Would You Pay $1,000+ for Apple’s iPhone X?
Depending on where you live, the big news of the day Tuesday was either recovery efforts from a hurricane or the introduction of Apple’s iPhone X.
Apple showed off its newest product plans at their annual event Tuesday, including the iPhone X, which is read as the “iPhone Ten.”
Two other new versions of its iPhone skipped the expected naming convention and will be known as the iPhone 8 and iPhone 8 Plus instead of iPhone 7S and iPhone 7S Plus.
The first impression for someone like me (with a barely-detectible dose of OCD) is annoyance with the fact that we have an iPhone 8 and 10, but no iPhone 9.
Apple is touting the iPhone X’s wireless charging, higher screen resolution, better cameras, and its all-glass front and back. But more than anything else, it’s touting facial recognition technology.
Here are a few of my takes on the prominent features, with the understanding that I have not, as yet, actually seen an iPhone X in person or actually held one to toy around with it. (Then again, most of the others who are opining about it haven’t either, so at least I’m in good company.)
Wireless charging seems like a nice convenience, especially if you’re tired of dealing with cables. But at the same time, you ditch the cable for a wireless charging, so one way or the other, you still have to have something to deal with to get the phone charged.
A higher screen resolution is nice, too, but my current iPhone’s screen resolution is sufficient; given that I don’t screen HD movies on a phone, that’s not necessarily a top priority for me. My iPhone 6S Plus has a 4.7-inch screen; the new phone has a 5.7-inch screen. That, at least, would seem like a much better bonus, even if it were the same resolution I have now.
Better cameras are always an important offering from a new phone. As camera technology advances, smartphone cameras never seem to be quite good enough. Though I certainly think digital photography is almost always done much better on a digital SLR camera, it’s nice to have a reliable, quality backup that you can use if you happen to stumble onto something worth photographing when you don’t have a DSLR with you.
The obsession with an all-glass phone is a big concern for me because I often encounter ground surfaces that happen to be made of concrete. Glass, when dropped on such a substance, generally doesn’t do so well. That means I’d be putting my phone into a protective case like the Otterbox, which could also impact performance, especially when an all-glass body like the iPhone X’s also sports an edge-to-edge screen. Honestly, I don’t mind a nice metal body and enough of a margin for a screen edge to sufficiently protect the unit. I don’t think I’ll ever understand why people think all glass is so cool when it’s potentially the very feature that’ll cause significant damage at the worst moment. Granted, they claim this is the “most durable glass” ever used in a smartphone. The question is, will it be durable enough?
Then we come to facial recognition. On the surface, this seems like a really cool, high-tech security feature of the future. On the other hand, it feels like a really unnecessary gimmick. Apple says facial recognition is far more secure than fingerprint recognition, though I can’t recall hearing even once about someone being able to access someone else’s phone by fooling the fingerprint scanner; maybe it has happened, but I just don’t recall hearing that it has happened. If it has happened, since fingerprints are supposed to be unique, that calls into question the reliability of the older phones’ fingerprint scanners, which should then call into question the reliability of the new facial recognition technology. My sense — without being a security expert — is that it should be easier to fool facial recognition than it would be a fingerprint scanner. But maybe I’m wrong.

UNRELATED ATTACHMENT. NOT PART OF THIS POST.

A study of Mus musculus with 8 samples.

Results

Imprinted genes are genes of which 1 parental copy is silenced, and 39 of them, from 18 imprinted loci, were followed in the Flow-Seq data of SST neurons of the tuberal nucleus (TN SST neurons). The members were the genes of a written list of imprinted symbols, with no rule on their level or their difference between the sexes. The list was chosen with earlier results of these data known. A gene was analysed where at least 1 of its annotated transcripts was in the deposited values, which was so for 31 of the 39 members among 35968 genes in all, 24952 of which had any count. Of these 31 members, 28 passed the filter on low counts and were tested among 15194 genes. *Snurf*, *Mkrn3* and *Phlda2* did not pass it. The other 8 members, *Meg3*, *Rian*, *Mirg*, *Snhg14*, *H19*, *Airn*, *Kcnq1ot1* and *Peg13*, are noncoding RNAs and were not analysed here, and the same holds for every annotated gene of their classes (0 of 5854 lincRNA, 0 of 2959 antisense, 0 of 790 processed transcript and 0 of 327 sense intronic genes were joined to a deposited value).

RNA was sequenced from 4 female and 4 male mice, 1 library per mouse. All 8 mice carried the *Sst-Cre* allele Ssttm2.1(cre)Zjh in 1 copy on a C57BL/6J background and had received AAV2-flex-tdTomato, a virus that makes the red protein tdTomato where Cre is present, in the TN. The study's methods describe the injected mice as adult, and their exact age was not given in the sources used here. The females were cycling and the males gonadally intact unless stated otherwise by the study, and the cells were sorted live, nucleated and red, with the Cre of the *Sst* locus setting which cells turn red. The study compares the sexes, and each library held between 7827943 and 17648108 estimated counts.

The iPhone X vs. The iPhone 8 Plus
If I were going to get a phone other than the iPhone X for my next upgrade, the next obvious choice would be the iPhone 8 Plus since I already have the iPhone 6S Plus and my fat fingers like the larger screen when I’m typing. (No, I’m not a huge fan to speak-to-text because I’m one of the few people who actually prefers to use proper spelling and punctuation even in text messages.)
CNet conveniently provided this side-by-side comparison for the various recent iPhone models.
The differences between the iPhone X and the iPhone 8 Plus seem few.
The iPhone 8 Plus has a home button while the iPhone X does not. Personally, I like the home button because I’m used to it. That’s not to say that I couldn’t get used to life without a home button, but it’d be a big adjustment. Since the iPhone 8 Plus has the home button, it still relies on fingerprint scanning to unlock. As I already stated, facial recognition is cool, but doesn’t strike me as justification to pay the higher price.
The iPhone 8 Plus has a 5.5-inch screen. A screen size difference of 0.3 inches isn’t a deal-breaker for me.
The iPhone 8 Plus is slightly taller and wider than the iPhone X. To me, that’s neither here nor there because the iPhone 8 Plus would presumably provide a little more room between the edge of the screen and the edge of the phone so that I can use a protective case.
Both phones will use iOS 11, both have the same A11 Bionic chip, the same M11 motion coprocessor, the same camera megapixel values front and back, and the same memory size options.
But the iPhone 8 Plus offers, according to battery life tests, an additional hour of internet use and video playback on wireless.
Given the “edge to edge” screen and facial recognition are the primary selling points for the iPhone X, the iPhone 8 Plus, for me, seems like the better option.